By: Russ Daly, extension veterinarian at SDSU Extension
I consider myself fortunate.
I’ve never seen brucellosis, nor have I been sick from it myself. The state I live and work in has been free of the disease in cattle for over a decade, longer for pigs. For my whole 23-year veterinary career, my direct experience with brucellosis can be illustrated by two objects – a bottle of brucellosis vaccine and an orange metal ear tag – objects used to vaccinate heifers against the disease.
Had I practiced veterinary medicine in the 1930’s or 40’s, my experiences with brucellosis would have been vastly different. I would have encountered infected cows on a weekly basis – cows needing treatment after aborting their calves, or infected cows that needed calving assistance. I would have likely contracted a case of it myself. In 1942, the USDA declared brucellosis to be the most important bacterial zoonotic disease (disease transferred from animals to man) present at the time. I would have been knocked out of work, home with the rising and falling "undulant fever" that goes along with human brucellosis. In 1934, the first year of the eradication program, about 15% of the cattle were infected with this disease – it was real and it was not uncommon. What it did to cattle was bad enough. What it did to farmers and their families was pretty bad too.
But the hard work done since then has paid off greatly for animals and people. Brucellosis is no longer on the list of causes of abortion for cattle and is not the public health scourge that it once was. The attack on cattle brucellosis was made possible by the development of blood tests (detecting antibodies in infected cows) and vaccine (preventing clinical signs and abortions in vaccinated cattle). It was not easy and it was not without contention.
However, brucellosis is not dead and gone from the United States. While the species that affects cattle, Brucella abortus, has essentially been wiped free from domestic cattle herds, it has a wildlife reservoir in elk and bison in the Yellowstone Park area. With diseases like this in farm animals, we have a chance to test and vaccinate. With wildlife, of course it’s a different story. States that border the park regularly deal with infections in cattle that have come from wildlife. Montana recently reported the second brucellosis-positive cattle herd within a short time period, which may affect their state’s status as "free." The Brucella bacteria is shed around the time of calving, so if domestic cattle have contact with infected bison or elk when they calve, transmission may occur.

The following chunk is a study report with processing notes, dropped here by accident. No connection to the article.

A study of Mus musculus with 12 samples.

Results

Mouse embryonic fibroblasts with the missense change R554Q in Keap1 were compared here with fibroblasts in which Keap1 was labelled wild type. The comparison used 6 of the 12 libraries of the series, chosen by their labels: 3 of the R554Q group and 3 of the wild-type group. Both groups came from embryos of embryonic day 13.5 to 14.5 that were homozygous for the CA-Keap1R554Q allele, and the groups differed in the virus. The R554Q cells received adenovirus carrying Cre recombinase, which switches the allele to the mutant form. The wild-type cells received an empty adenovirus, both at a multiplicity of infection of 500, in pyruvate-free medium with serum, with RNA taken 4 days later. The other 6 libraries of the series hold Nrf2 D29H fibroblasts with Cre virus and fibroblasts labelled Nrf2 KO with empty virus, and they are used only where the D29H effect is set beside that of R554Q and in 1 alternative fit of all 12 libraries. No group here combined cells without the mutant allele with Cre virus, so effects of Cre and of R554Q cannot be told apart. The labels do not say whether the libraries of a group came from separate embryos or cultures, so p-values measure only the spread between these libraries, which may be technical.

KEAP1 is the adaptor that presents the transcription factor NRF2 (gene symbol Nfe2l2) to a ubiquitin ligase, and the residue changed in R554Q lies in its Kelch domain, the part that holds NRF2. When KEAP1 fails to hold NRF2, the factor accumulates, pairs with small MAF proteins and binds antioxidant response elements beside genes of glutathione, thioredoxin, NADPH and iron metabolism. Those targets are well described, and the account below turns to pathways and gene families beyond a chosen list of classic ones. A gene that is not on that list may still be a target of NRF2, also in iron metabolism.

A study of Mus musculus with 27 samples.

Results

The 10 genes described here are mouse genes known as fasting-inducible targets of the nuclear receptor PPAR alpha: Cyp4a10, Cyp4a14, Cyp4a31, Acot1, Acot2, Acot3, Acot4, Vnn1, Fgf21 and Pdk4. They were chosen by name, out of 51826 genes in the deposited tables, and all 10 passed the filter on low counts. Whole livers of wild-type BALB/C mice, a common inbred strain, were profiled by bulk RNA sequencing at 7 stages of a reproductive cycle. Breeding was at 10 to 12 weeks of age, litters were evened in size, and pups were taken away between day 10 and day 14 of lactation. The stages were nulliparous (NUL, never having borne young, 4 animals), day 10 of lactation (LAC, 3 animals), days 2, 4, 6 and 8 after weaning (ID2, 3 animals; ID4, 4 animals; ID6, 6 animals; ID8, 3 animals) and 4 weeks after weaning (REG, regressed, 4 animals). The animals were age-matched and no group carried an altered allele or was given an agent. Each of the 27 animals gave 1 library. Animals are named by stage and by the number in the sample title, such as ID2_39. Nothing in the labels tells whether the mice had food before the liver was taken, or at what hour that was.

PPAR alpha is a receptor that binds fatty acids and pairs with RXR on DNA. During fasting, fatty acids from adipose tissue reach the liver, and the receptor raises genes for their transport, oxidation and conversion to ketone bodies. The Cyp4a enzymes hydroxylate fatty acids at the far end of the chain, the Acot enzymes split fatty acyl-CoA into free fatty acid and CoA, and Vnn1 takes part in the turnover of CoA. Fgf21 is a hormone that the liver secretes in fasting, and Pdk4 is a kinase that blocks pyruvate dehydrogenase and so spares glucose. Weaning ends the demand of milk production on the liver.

Pigs have their own form of brucellosis that causes early farrowing or abortions in infected pregnant sows. Swine brucellosis is caused by a bacteria different from the one that affects cattle, Brucella suis. It’s important to note that there are several different species of Brucella bacteria, and they don’t tend to cross species all that much. For example, cattle brucellosis is not transmitted to pigs. Another difference is that there is no vaccination available for swine brucellosis; we tackle that disease mostly through blood testing. Other species of Brucella can affect sheep (Brucella ovis), goats (Brucella melitensus), and dogs (Brucella canis), and generally this species specificity holds true.
Swine brucellosis appears to have a wildlife reservoir as well. In this case the culprit is feral swine ("wild hogs"). Where the wildlife reservoir for cattle brucellosis is well-defined geographically, Brucella suis-infected wild pigs are widely scattered. In South Dakota, we have not identified established feral swine populations. But they are present in some of our neighboring states.
Brucellosis brought in by feral swine means potential headaches for pork producers. But it also creates headaches for public health people too. Over the years, a fair number of reports of human brucellosis have been attributed to people having contact with wild pigs – mostly through hunting them and the subsequent butchering process. While treatable with antibiotics, these infections can debilitate people for very prolonged periods of time.
While we’ve made great strides in tackling brucellosis on the farm animal front, wildlife populations will continue to be a potential source for these infections – for animals and people alike – for some time to come. These are diseases that we can’t let our guard down on just yet, meaning that the vaccine and orange Bangs tags will still be important tools for a while.